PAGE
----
American researchers have developed a vaccine for chikungunya fever made from an insect-specific virus that does not have any effect on people, making the vaccine safe and effective.
The study indicated that the vaccine quickly produces a strong immune defence and completely protects mice and nonhuman primates from disease when exposed to the chikungunya virus.
The findings were published in journal of Nature Medicine.
"This vaccine offers efficient, safe and affordable protection against chikungunya and builds the foundation for using viruses that only infect insects to develop vaccines against other insect-borne diseases," said senior author Scott Weaver from the University of Texas Medical Branch at Galveston.
Chikungunya is a mosquito-borne virus that causes a disease characterised by fever and severe joint pain, often in hands and feet and may include headache, muscle pain, joint swelling or rash. Some patients will feel better within a week but many develop longer-term joint pain that can last up to years. Death is rare but can occur.
Traditionally, vaccine development involves tradeoffs between how quickly and safely the vaccine works.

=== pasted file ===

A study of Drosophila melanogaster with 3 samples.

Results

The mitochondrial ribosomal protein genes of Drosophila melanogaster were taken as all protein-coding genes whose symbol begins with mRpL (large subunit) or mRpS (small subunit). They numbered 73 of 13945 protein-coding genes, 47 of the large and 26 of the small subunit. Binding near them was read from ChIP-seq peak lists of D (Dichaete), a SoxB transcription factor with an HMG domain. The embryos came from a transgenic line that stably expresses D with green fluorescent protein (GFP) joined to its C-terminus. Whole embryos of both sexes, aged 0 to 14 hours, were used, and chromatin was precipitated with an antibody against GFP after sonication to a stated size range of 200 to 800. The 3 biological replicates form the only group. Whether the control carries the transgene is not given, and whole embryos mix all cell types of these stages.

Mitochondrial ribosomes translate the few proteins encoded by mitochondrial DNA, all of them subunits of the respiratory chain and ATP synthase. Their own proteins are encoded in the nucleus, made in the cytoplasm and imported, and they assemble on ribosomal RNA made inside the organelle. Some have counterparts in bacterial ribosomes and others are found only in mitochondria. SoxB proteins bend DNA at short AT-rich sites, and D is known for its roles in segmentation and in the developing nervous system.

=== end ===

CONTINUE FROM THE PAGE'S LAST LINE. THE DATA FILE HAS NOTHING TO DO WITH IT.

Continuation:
The researchers used the Eilat virus as a vaccine platform since it only infects insects and has no impact on people. They used an Eilat virus clone to design a hybrid virus-based vaccine containing chikungunya structural proteins.
The Eilat/Chikungunya vaccine was found to be structurally identical to natural chikungunya virus. The difference is that although the hybrid virus replicates very well in mosquito cells, it cannot replicate in mammals.
The findings indicate that within four days of a single dose, the Eilat/Chikungunya candidate vaccine induced neutralising antibodies that lasted for more than 290 days. The antibodies provided complete protection against chikungunya in two different mouse models.
In primates, Eilat/Chikungunya elicited rapid and robust immunity -- there was neither evidence of the virus in the blood nor signs of illness such as fever after chikungunya virus infection.